Why Taking A Spin Class Could Be More Risky Than You Think

Spinning isn't just a workout — it's a phenomenon. Whether you're pushing yourself to the max at FlyWheel, SoulCycle, or at home on your Peloton, you know from the moment you climb astride that metal straddle, you can look forward to the glory of sweat, endorphins, and a furnace-like burn of calories. The very first stationary bicycle, called the Gymnasticon, debuted in 1897, but it wasn't until Schwinn produced a bike for home use in 1965 that the trend took off (via Timeline). It would be an additional four decades before SoulCycle would hit the scene in New York City, inspiring a cult-like following and a number of — excuse the pun — spin-off boutique cycling studios (via Fast Company). 

Along with the increase in spinning's popularity, though, experts have seen an increase in visits to the emergency room, due to a condition called exertional rhabdomyolysis — symptoms of which include vomiting, nausea, weakness, tenderness, and swelling, and in rare cases, lasting kidney damage (via Insider).

In an article published by the American Journal of Medicine, researchers tied this condition specifically to taking spin class. "Spin class is a great exercise," the study's co-author Alan Coffino, M.D., Ph.D., told The New York Times. "But it's not an activity where you start off at full speed. And it's important for the public to realize this and for trainers to realize this."

Listening to your own body is key to spinning safely

One important thing to note about the study: the majority of the patients experienced exertional rhabdomyolysis while taking their very first spin class. Experts say this condition, as well as other injuries associated with spinning, are usually due to lack of experience — or focusing so much on following the class instructor that you end up ignoring that voice inside your head saying, "Hey! Stop, this is too hard!"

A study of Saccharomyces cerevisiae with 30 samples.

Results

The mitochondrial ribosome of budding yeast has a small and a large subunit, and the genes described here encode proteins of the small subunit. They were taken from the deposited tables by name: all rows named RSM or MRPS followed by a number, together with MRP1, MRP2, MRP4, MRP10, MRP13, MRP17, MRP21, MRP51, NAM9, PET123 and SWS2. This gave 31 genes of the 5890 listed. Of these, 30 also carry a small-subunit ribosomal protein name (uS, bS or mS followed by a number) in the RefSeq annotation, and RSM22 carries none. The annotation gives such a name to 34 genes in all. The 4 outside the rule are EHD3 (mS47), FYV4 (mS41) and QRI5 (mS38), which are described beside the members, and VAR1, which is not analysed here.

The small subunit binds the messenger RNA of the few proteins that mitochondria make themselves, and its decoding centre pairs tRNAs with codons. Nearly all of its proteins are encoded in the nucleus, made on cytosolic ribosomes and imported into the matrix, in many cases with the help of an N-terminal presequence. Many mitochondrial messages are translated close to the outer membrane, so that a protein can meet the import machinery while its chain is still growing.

Since there's so much peer pressure and encouragement to keep on keepin' on from the instructor, spinners often will push themselves harder than they would if, say, they were running outside, noted study co-author Dr. Maureen Brogan, who is also an associate professor of medicine at New York Medical College. "I mean, Spinning, you burn 600 calories in an hour, and you lose up to a liter an hour of sweat," she commented to Time. "Six hundred calories is like running six miles. So if you're not conditioned, you wouldn't just run six miles."

This decision to push past your comfort zone is also responsible for the most common complaint among spinners: back pain. "If you're laying over the handlebars because you're fatigued, you're putting a lot of stress on your lower back," Anthony Hackney, Ph.D., a professor of exercise physiology and nutrition at the University of North Carolina at Chapel Hill, told Insider. "The bike's not designed to give you support in that context."